More than 170 countries were taking up measures Friday to regulate flavored tobacco products out of concern they seek to get young people addicted to nicotine.
During a World Health Organization (WHO) meeting of the signatories of the body's Framework Convention on Tobacco Control that ends Saturday in this upscale resort town in southern Uruguay, parties planned to define guidelines on tobacco product ingredients.
They also sought to draft a protocol on illicit tobacco trade and, for the first time, debate pricing, taxation and controls of so-called electronic cigarettes.
The battery-powered devices have no tobacco but deliver a dose of nicotine to the user, while producing water vapor that looks like smoke. Used in a number of countries, they are promoted as a way to quit smoking.
"There are hundreds of chemicals used to make smoking more attractive, mainly focused on the young people," said Antoon Opperhuizen, special adviser to the framework convention and vice-Chair of the WHO Tobacco Laboratory Network.
Canadian Cancer Society senior policy analyst Rob Cunningham explained that "tobacco producers are bringing more and more flavored cigarettes on the market -- with chocolate, vanilla and candy flavors that attract youths."
Representatives of the tobacco industry, which fiercely opposes the regulations saying they would hurt their powerful industry, pitched a tent outside the hotel where the WHO meet was taking place to present their views.
Producers claim flavored products represent half of global consumption and use three types of tobacco leaves: Virginia, Burley and Oriental. They worry the regulations would trigger bans of some of their most popular products.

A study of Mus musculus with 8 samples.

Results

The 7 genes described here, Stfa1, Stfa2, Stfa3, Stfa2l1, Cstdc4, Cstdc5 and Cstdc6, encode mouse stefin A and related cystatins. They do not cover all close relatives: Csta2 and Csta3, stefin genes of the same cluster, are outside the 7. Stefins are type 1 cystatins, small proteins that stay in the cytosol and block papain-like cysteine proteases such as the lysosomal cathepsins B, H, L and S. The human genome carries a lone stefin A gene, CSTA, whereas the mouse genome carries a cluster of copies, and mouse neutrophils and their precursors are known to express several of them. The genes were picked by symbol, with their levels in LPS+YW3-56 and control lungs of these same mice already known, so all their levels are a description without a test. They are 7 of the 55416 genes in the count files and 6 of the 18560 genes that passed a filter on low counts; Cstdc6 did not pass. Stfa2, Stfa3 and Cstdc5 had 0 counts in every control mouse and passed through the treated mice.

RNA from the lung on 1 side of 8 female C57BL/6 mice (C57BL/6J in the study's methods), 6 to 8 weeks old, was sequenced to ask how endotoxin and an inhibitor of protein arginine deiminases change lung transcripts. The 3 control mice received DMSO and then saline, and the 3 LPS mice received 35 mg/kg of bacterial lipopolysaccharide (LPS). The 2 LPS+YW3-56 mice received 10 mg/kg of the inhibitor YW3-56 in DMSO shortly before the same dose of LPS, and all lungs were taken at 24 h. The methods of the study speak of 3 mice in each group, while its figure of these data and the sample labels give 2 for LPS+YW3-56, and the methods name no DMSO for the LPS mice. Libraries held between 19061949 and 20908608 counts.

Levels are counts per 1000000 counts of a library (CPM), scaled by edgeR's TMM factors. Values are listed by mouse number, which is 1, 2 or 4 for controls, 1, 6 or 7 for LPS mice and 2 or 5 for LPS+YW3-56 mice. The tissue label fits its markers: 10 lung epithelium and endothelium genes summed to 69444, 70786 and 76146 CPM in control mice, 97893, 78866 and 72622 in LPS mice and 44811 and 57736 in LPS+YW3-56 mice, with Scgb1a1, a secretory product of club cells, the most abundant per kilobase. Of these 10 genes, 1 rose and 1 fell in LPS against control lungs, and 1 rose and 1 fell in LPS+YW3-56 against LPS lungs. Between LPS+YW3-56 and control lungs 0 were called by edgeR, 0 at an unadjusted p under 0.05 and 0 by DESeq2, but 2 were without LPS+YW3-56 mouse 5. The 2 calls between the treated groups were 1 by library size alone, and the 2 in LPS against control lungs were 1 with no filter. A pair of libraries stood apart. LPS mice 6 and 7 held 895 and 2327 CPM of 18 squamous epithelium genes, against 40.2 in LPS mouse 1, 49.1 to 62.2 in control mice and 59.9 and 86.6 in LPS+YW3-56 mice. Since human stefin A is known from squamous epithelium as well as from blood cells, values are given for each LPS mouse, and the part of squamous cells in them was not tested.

"If we prohibit production of the American blend, which is made with a mix of Virginia, Burley and Oriental leaves, it will impact more than six million producers worldwide," said Antonio Abrunhosa, a Portuguese tobacco-farmer who serves as chief executive of the International Tobacco Growers' Association (ITGA).
Articles 9 and 10 of the framework convention call for guidelines to regulate contents and emissions of tobacco products, as well as measures to require tobacco manufacturers and importers to disclose information about the contents and emissions of their products, including toxic ones.
The provisions would "basically eliminate production of Burley and Oriental tobacco, making it an act of discrimination that would not solve the health problem because people would keep smoking other tobacco products," ITGA vice-president Jorge Nestor told AFP.
He also said any proposal should allow production activities that would be "economically sustainable over time."
Uruguay is facing a lawsuit from tobacco giant Philip Morris for its anti-tobacco measures. But it received support Thursday from the framework convention's signatories.
The country is the first in Latin America to introduce a tobacco ban -- in March 2006 -- and the fifth worldwide.
New York Mayor Michael Bloomberg and eight international organizations have also backed Uruguay in its dispute with Philip Morris, whose annual turnover is about twice the gross domestic product of the nation of some 3.4 million people.